2. It uses other programs (AERMET and AERMAP) as run separately as pre-processors to create the needed meteorology files and receptor location files that can be used as input to AERMOD.

Used For*

  1. For short-range dispersion (within 50 km of the source).
  2. Source types: Multiple point, area and volume sources
  3. Source releases: Surface, near surface and elevated sources
  4. Source locations: Urban or rural locations. Urban effects are scaled by population.
  5. Plume types: Continuous, buoyant plumes
  6. Plume deposition: Dry or wet deposition of particulates and/or gases
  7. Plume dispersion treatment: Gaussian model treatment in horizontal and in vertical for stable atmospheres. Non-Gaussian treatment in vertical for unstable atmospheres
  8. Terrain types: Flat, or flat with simple hills (but not steep terrain mountains & valleys) **
  9. Building effects: Handled by BPIP-PRIME downwash algorithms
  10. Meteorology data height levels: Accepts meteorology data from multiple heights
  11. Meteorological data profiles: Vertical profiles of wind, turbulence and temperature are created

* from Wikipedia.   ** from Stull.

Overview Slides by Davi Monticelli : How to organize work folders ; AERMET Download Met Data ; AERMET Stages 1-3 ; AERMOD Theory & Practice ; Examples .

Types of Inputs

  1. Intro slides by Stull. 
  2. Useful values for the Bowen Ratio , Albedo , Roughness Length
Example of AERMOD use in an Environmental Impact Statement (2017)
  1. Appendix C. Modeling Technical Support Document for the Miami (Arizona) Sulfur Dioxide (SO2) Nonattainment Area.

A python version of AERMOD by Costanzini et al, 2018.  (not EPA approved)


Links for the 2021 course:

   The fortran source code, sample input files, and PC/Windows executables are available on the EPA web page:  


   For Windows users…Good news: 


   For Mac/Linux users, Tim Chui created these AERMOD installation instructions updated in Dec 2021 to install AERMOD + AERMET + AERMAP

We’ll be following this for the AERMOD/AERMET/AERMAP installation class. Feel free to take a look before class, but it’s not necessary…we’ll be going through it all step-by-step in class.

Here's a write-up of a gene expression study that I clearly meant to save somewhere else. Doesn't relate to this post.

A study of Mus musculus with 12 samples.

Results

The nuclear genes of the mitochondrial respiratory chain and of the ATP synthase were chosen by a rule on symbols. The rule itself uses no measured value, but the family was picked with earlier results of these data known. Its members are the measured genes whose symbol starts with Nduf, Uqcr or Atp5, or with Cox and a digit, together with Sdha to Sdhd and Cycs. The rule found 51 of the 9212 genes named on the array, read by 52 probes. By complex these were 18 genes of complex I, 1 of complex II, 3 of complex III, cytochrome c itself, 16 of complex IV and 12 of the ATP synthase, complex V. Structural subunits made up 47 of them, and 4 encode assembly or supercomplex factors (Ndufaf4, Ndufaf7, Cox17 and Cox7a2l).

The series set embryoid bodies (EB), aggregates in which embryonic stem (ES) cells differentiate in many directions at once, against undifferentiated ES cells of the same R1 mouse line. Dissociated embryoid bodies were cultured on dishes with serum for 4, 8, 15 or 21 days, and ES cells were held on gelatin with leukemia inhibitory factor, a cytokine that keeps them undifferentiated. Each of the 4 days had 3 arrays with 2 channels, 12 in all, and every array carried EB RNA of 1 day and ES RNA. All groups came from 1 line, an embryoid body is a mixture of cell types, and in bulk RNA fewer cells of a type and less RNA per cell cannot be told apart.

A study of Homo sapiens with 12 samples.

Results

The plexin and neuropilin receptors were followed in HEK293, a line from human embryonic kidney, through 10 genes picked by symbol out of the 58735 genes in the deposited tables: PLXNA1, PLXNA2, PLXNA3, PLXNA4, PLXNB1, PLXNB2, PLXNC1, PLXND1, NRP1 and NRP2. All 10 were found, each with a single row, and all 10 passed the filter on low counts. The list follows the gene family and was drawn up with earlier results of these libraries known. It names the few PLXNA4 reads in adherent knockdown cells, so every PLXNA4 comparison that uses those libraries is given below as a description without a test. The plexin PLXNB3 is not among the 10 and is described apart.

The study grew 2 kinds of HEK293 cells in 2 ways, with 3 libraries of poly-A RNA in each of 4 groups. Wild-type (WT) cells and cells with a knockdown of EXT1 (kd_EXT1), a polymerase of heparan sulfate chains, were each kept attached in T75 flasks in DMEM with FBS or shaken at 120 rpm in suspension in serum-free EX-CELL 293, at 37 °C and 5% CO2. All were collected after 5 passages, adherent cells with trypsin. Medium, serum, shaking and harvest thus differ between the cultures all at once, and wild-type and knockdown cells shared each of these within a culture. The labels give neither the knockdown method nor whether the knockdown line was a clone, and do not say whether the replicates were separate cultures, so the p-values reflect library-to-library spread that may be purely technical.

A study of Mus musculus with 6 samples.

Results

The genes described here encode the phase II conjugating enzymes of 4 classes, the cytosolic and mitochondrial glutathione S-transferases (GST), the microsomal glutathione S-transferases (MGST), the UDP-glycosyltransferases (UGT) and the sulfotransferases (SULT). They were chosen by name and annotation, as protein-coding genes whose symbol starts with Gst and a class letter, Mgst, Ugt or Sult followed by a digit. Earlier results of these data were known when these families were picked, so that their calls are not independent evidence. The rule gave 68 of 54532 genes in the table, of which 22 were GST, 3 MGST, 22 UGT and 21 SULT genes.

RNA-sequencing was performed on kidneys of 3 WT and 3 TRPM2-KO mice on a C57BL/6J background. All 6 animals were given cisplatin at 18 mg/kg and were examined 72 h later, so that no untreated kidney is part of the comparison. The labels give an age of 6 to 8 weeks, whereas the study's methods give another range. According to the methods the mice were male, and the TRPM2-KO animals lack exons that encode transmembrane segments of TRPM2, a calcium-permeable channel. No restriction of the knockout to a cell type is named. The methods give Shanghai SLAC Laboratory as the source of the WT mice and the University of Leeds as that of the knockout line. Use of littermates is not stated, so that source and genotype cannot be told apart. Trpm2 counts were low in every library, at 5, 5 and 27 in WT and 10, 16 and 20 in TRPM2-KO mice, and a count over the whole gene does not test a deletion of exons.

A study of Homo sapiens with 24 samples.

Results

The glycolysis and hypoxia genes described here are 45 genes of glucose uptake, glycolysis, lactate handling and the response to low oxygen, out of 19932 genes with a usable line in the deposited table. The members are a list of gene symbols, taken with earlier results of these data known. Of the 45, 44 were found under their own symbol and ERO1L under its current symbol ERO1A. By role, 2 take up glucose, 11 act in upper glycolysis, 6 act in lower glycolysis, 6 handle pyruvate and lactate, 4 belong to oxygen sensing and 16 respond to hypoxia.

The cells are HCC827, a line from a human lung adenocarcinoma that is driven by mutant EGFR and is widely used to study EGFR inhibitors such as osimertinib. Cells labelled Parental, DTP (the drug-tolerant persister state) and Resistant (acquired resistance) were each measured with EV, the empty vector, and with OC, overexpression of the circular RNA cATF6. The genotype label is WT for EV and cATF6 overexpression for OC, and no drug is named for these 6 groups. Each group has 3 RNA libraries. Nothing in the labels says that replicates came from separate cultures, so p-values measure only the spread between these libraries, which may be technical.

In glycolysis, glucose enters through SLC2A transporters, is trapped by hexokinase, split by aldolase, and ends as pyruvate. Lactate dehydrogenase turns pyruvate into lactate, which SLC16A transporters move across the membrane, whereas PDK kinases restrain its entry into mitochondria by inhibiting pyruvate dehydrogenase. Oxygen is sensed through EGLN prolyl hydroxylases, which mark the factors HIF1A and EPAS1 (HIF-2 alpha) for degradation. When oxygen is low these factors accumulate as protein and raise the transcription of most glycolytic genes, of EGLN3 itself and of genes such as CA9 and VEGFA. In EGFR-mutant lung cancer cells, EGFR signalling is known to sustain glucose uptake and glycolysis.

Links for the 2018 course:

The EPA recommended air quality dispersion models are AERMOD and CALPUFF:

AERMOD Model Dynamics, Physics & Parameterizations:  See AERMOD Model Formulation (2018):
We will discuss this in class, so that AERMOD is not a "black box" to you. 

Here is a link to the installation instructions from the 2018 course at UBC.

 There are 3 major sections below, for installing and testing:

Additional links from the 2016 version of this course:

Model Dynamics, Physics & Parameterizations

  1. AERMOD Model Formulation Document
  2. AERMOD addendum: 
  3. AERMET User Guide & Addendum: 
  4. BPIP-PRIME User Guide & Addendum:

Code sources

  1. AERMOD to calculate pollutant concentrations: 
  2. AIRMET pre-processor for meteorology (run before running AERMOD) 
  3. BPIPPRM pre-processor for building downwash (run before AERMOD) 
  4. AERMAP terrain pre-processor (run before AERMOD) 
  5. MMIF converts WRF output to AERMOD input (run before AERMOD)
  6. AERPLOT converts AERMOD output to kmz file for Google Earth.  (run after running AERMOD)
Utility Functions
  1. R scripts for drawing contour lines and filled contours.  plot3D (Jan 2016) ,  bulit-in functionsmore , more2 ,

Model running resources

  1. Install and compile AERMOD on your own Macs.   (our TA Matt has step-by-step  instructions -v1.2 )
  2. AERMOD Users Manual as pdf  (or )
  3. Install and compile AERMET meteorological pre-processor on your Mac.  (tips from TA Matt, with help from Pedro)

Other Resources

  1. Paper by Stull & Ainslie 2006: A simple model for pollution dispersion in a convective boundary layer.  JAMC.
  2. PowerPoint about Building Downwash - Problems, Solutions & Next Generation , by Ron Peterson, Aug 2015.